Get you applications in NOW! Apply early and often. Consider relocating if your area is saturated with new grad RNs.
Have your resume reviewed by Nurse Managers and your instructors.
Talk to RNs where you are in clinical.
Be honest with yourself as to how prepared you are. ER, ICU, Maternity are all great jobs that carry prestige ... just make sure you are ready.
I agree that you need to start applying as soon as you can. I started applying the January before I graduated, and I just started my first job a couple of weeks ago. It just takes a lot of patience and applying, reapplying and keeping your eye open for positions being posted.
The job I finally did get is in my home town in a smaller city/more rural area, not in the area I went to college or the larger Philadelphia metro area (which is where I really wanted to find something). I think that finding a job right now is going to require some compromising and flexibility on the geographic area as well as area of nursing specialty.
As far as what you can do right now, something I really wish I had done is get letters of recommendations from any clinical instructor that you can. I got one from my first med/surg instructor, but should have gotten more. Most new grad residency programs require at least two clinical references.
Also, try to "network" as much as you can while you're in clinical settings. Get the managers contact info on floors that you liked. If you're interested in a specialty area, see if you can arrange a shadowing day. It's easier to do when you're still in school. Use this time to get your foot in the door.
If you don't already, I would strongly suggest getting a job as an extern in a hospital. I learned so much from that, and I felt so much better prepared for clinicals, as well as knowing how the "real world" of a nursing floor works. Just knowing the routine, and everyone's roles in the hospital can really help.
Best of luck, and congratulations on being almost done!
Have you looked for externship programs?? Most of the hospitals in my area (oklahoma city) had something of this nature to help get new grads more prepared for their new role as RN by getting hands on experience. I externed at the place where I work now for about a year before I got my license. These types of programs usually guarantee a position for you as well so long as you fulfill all of their requirements. They can be hard to get ( I had some help getting mine from an inside source, so I just got lucky), so you may have to apply for several and hope for the best unless you have a high GPA and an impressive resume. Don't be pickey either about what unit you work on, because that can keep you from getting a job. You have to start somewhere to get your foot in the door, then you could probably transfer later on to something that is more of what you're looking for.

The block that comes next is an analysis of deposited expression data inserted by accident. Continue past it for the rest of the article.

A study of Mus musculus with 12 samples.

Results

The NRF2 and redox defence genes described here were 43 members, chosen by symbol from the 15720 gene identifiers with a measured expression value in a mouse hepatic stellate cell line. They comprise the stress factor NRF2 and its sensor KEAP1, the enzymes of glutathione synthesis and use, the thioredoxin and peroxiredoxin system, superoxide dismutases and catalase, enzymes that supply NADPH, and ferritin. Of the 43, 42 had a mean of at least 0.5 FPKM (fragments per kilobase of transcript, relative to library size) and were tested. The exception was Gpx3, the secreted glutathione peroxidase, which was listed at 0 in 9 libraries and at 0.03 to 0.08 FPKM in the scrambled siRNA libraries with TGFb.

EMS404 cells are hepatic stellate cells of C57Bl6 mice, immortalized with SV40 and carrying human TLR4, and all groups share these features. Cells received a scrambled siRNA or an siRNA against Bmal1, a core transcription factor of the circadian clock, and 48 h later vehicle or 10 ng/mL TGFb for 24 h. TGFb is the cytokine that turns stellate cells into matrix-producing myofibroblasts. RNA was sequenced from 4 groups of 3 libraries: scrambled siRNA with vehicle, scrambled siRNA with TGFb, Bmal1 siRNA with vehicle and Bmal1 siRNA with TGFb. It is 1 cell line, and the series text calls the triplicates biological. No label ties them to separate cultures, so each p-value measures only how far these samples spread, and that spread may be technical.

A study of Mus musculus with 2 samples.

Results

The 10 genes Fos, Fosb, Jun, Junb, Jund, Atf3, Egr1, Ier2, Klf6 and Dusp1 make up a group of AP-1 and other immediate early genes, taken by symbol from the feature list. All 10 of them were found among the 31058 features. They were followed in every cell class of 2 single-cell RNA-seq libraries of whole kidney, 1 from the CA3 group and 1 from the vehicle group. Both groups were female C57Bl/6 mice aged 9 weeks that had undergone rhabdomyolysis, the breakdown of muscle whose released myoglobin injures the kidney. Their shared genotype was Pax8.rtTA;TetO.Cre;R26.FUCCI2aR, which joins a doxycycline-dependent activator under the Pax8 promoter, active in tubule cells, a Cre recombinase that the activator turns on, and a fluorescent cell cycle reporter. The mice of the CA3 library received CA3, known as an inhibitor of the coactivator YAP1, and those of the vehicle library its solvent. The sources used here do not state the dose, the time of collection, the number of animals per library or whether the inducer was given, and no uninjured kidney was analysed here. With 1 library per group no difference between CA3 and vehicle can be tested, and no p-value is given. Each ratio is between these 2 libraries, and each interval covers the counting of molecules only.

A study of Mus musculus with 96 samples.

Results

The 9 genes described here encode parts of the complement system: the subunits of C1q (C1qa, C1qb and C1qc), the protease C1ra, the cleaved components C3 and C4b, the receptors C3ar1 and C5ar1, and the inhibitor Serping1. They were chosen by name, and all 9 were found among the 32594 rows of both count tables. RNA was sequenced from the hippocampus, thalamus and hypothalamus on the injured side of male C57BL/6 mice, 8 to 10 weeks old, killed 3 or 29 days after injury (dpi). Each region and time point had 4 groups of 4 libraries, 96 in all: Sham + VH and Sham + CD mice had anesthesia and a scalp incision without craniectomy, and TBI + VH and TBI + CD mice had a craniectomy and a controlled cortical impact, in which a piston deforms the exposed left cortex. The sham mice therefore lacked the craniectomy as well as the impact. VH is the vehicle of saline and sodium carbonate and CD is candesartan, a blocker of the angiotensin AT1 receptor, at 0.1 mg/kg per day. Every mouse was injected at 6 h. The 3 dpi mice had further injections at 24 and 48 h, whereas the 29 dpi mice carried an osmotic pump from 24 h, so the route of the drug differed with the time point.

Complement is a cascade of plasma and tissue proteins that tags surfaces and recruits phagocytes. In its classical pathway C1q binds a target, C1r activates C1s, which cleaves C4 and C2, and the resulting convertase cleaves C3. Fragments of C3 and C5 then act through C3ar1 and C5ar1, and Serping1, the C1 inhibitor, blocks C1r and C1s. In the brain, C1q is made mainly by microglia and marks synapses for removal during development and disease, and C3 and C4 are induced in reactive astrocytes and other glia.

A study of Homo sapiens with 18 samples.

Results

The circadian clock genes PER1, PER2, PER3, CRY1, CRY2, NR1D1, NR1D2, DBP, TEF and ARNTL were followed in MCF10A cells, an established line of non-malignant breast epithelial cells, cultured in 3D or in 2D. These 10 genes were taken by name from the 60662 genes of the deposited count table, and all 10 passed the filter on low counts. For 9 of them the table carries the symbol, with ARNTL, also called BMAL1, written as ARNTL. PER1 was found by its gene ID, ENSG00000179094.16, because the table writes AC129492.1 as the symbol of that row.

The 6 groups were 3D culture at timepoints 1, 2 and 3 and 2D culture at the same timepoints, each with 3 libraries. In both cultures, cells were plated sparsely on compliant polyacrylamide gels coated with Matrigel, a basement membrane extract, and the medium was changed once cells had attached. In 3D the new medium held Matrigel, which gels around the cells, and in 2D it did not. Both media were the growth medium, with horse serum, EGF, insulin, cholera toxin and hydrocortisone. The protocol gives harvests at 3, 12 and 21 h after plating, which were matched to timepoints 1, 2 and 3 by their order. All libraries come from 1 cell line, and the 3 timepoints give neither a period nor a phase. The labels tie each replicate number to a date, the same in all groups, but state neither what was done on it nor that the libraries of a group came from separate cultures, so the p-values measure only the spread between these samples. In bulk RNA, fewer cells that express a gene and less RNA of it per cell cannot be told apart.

you should have already done this but ask your instructors for letters of recommendation! clinical and theory instructors to attach to application/resume packet. dont wait to the end, the may forget you from semesters ago or receive too many request at the end.
its common for those graduating in may to be applying/interviewing in at least januaray (even earlier) and those graduating in december to be appling/interviewing in at least august. so get on it.
first decide what you want to do in nursing. adults? peds? speciality? hospital? clinic? etc. then look into what is available to you. try to find a hospital/clinic/whichever with a program that has a new grad program or at least a good orientation program.
Any connections? Have you had a great clinical experience and can ask a nurse there about info? Have you been to a hospital that you want to learn more about? Most hospitals have orientations around nursing graduation times so look up some hospital sites for the info.
write or update your resume. put your seeking position, certificates, school experience, honors, volunteer experience, previous work experience, for references put people's names and your instructors names who had provided you letters and put letter/letters attached.